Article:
How many times have you and I turned on the TV only to hear that yet another business has decided to close the books, pack the bags, and head over to the continent opposite the Channel?
Ever since 2016 businesses have been left in limbo about the future economic relationship the UK will share with our closest and valuable trading partners of the European Union. Today, we can see from the announcements of the recent past since that vote, that indeed what the business community promised us would happen- actually has.
They told us that headquarters will go, that production will go, and ultimately that jobs will go. And whether one believes that this is the product of ‘short-term pain, and long term gain’, rest assured, that this is not even the real beginning of the long painful road ahead as a result of letting business down, combined with the uncertainty of leaving the EU.
The fallout from the disastrous Brexit vote and the even more tricky negotiations are scaring businesses to death, and continuing apace. House of Fraser has announced it will be closing down 31 out of 59 stores. Airbus and BMW both warned of the severe consequences of a disorderly Brexit. Airbus closing plants in the UK would have an especially bad impact on jobs in Wales, where Airbus has a major plant, that inexplicably voted for Brexit given it has the most to lose of almost anywhere from leaving the EU.
A Baker McKenzie survey of 800 business leaders in France, Germany, Spain, the Netherlands, Sweden and Ireland found that nearly half of respondents say their company has reduced investment in the UK since the Brexit vote. No wonder therefore that many hundreds of thousands demonstrated against the Brexit madness not long ago… This isn’t just bad for businesses, but bad for communities and families, and when I say ‘communities’ I mean those in which the employment provided by those firms is the life support for the local area. They are well and truly irreplaceable and are the backbone for many areas.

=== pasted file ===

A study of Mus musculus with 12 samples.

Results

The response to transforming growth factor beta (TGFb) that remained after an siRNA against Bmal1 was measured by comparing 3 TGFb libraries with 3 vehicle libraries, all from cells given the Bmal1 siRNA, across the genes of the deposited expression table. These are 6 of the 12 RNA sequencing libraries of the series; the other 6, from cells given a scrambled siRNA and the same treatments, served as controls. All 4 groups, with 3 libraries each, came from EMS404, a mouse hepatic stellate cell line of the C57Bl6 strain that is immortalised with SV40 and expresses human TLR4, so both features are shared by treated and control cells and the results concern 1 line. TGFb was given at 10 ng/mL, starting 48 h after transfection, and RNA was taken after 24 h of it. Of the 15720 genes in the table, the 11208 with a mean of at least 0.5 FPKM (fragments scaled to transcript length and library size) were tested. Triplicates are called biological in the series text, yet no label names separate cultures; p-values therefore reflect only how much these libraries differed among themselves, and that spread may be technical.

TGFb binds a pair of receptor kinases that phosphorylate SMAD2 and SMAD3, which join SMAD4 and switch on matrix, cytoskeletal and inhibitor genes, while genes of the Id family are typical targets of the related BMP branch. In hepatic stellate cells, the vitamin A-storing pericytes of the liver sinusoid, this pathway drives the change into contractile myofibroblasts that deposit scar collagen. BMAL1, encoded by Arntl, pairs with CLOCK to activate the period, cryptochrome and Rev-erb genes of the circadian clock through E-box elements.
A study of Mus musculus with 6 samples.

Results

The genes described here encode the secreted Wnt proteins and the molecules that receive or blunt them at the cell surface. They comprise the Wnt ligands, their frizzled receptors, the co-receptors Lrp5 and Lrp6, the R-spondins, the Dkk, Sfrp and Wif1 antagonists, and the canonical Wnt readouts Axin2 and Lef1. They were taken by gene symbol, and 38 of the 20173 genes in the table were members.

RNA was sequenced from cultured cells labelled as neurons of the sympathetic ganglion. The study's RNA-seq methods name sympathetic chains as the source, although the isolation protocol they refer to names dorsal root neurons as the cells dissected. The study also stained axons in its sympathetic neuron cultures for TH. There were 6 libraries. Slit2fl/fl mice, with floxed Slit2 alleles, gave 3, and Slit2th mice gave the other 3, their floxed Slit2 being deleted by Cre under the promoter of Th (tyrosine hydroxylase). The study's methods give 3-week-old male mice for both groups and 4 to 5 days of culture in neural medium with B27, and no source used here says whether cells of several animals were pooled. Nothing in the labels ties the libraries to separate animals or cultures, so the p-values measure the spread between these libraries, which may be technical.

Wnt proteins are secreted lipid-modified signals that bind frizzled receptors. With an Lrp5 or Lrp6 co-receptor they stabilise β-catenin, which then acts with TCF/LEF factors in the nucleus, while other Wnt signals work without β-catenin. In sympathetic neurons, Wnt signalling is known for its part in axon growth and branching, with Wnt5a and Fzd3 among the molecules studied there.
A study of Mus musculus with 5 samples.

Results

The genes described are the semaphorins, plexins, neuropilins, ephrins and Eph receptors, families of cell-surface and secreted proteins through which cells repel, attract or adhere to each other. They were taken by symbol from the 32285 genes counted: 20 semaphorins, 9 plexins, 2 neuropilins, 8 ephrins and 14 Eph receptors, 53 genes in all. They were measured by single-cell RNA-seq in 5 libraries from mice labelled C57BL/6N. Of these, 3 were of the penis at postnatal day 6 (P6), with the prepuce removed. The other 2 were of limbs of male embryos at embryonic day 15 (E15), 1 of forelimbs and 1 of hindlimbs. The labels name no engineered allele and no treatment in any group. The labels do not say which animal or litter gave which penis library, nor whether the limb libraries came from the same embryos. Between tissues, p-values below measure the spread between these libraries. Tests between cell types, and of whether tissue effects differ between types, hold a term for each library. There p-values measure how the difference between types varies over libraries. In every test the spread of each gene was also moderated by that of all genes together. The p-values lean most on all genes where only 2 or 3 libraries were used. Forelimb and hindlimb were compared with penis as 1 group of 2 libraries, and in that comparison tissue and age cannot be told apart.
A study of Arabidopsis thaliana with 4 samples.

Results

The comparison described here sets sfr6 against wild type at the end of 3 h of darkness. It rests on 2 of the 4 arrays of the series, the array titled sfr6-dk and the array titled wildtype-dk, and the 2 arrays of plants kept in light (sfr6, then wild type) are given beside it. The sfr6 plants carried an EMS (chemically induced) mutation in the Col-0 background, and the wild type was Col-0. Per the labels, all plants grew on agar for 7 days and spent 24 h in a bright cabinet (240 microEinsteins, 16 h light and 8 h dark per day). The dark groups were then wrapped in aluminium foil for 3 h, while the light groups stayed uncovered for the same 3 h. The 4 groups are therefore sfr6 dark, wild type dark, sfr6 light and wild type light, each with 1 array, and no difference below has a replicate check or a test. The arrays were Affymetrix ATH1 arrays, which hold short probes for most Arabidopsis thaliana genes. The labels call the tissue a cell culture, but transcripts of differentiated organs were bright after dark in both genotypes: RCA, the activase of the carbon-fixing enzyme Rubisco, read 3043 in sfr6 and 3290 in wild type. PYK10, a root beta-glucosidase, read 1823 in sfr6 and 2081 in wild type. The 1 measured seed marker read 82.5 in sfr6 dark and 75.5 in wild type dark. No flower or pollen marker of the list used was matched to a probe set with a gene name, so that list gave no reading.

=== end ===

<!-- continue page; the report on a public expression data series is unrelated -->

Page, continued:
It appears that the Brexit vote has already cost the UK between £20bn and £40bn. The ONS reported that in April manufacturing output dropped 0.5%, which is the largest fall since May 2017. GDP growth was 0.1% in the first quarter and the National Institute of Economic and Social Research has forecast it will be only 0.2% in the second quarter. As a consequence, the pound continues to slide on the obvious economic weakness. The pound is worth more than 10% less now than on the eve of the Brexit vote. The bad news continued with the trade deficit rising to the second highest on record.
Brexiteers have claimed that other countries are “queuing up” to strike trade agreements with Britain after it leaves the bloc, and that the supposed benefits of leaving the EU would not be realised under the PM’s plan.
In reality, though, the situation is more complicated. First of all, there isn’t a lot of evidence that signing new free trade agreements (FTAs) would deliver an economic boost anything like enough to compensate for the hit from leaving the EU single market and customs union. The Institute for Fiscal Studies says “simple arithmetic” and “a basic understanding of trade” show the gains from such FTAs are likely to be small.
But another problem is that countries aren’t exactly queuing up to do deals with Britain – or where they seem to be, things aren’t as straightforward as they appear.
A previous US-EU attempt at a trade deal, called the Transatlantic Trade and Investment Partnership, failed after Mr Trump suspended negotiations because it wasn’t favourable enough to the US. But on this side of the Atlantic, even that deal was equally controversial because of US stipulations on scaling back welfare and hygiene rules for farm animals, as well as opening up public services like the NHS to US private corporations.
With polling showing the public firmly against US foodstuff such as chlorinated chicken coming to Britain, any deal likely to be acceptable to Mr. Trump would be sure to contain extremely unpopular and controversial elements – particularly if it were to be negotiated at speed.
The path therefore although seeming long and tough, is a simple one in order to restore certainty and give something for our businesses to cheer about in all this. A close relationship with the European Single Market and Customs Union, is the first stop. Chequers or none, full membership of the EU, or falling back to WTO rules- businesses are looking at the clock and weighing their options…Our time in trying to keep them here is running out.
Stephanos Ioannou is a Conservative Party Councillor for Southgate ward in north London, London Borough of Enfield. Stephanos is also Chairman of the Conservative Friends of Greece group, that aims to strengthen the bi-lateral ties between the United Kingdom and the Hellenic Republic.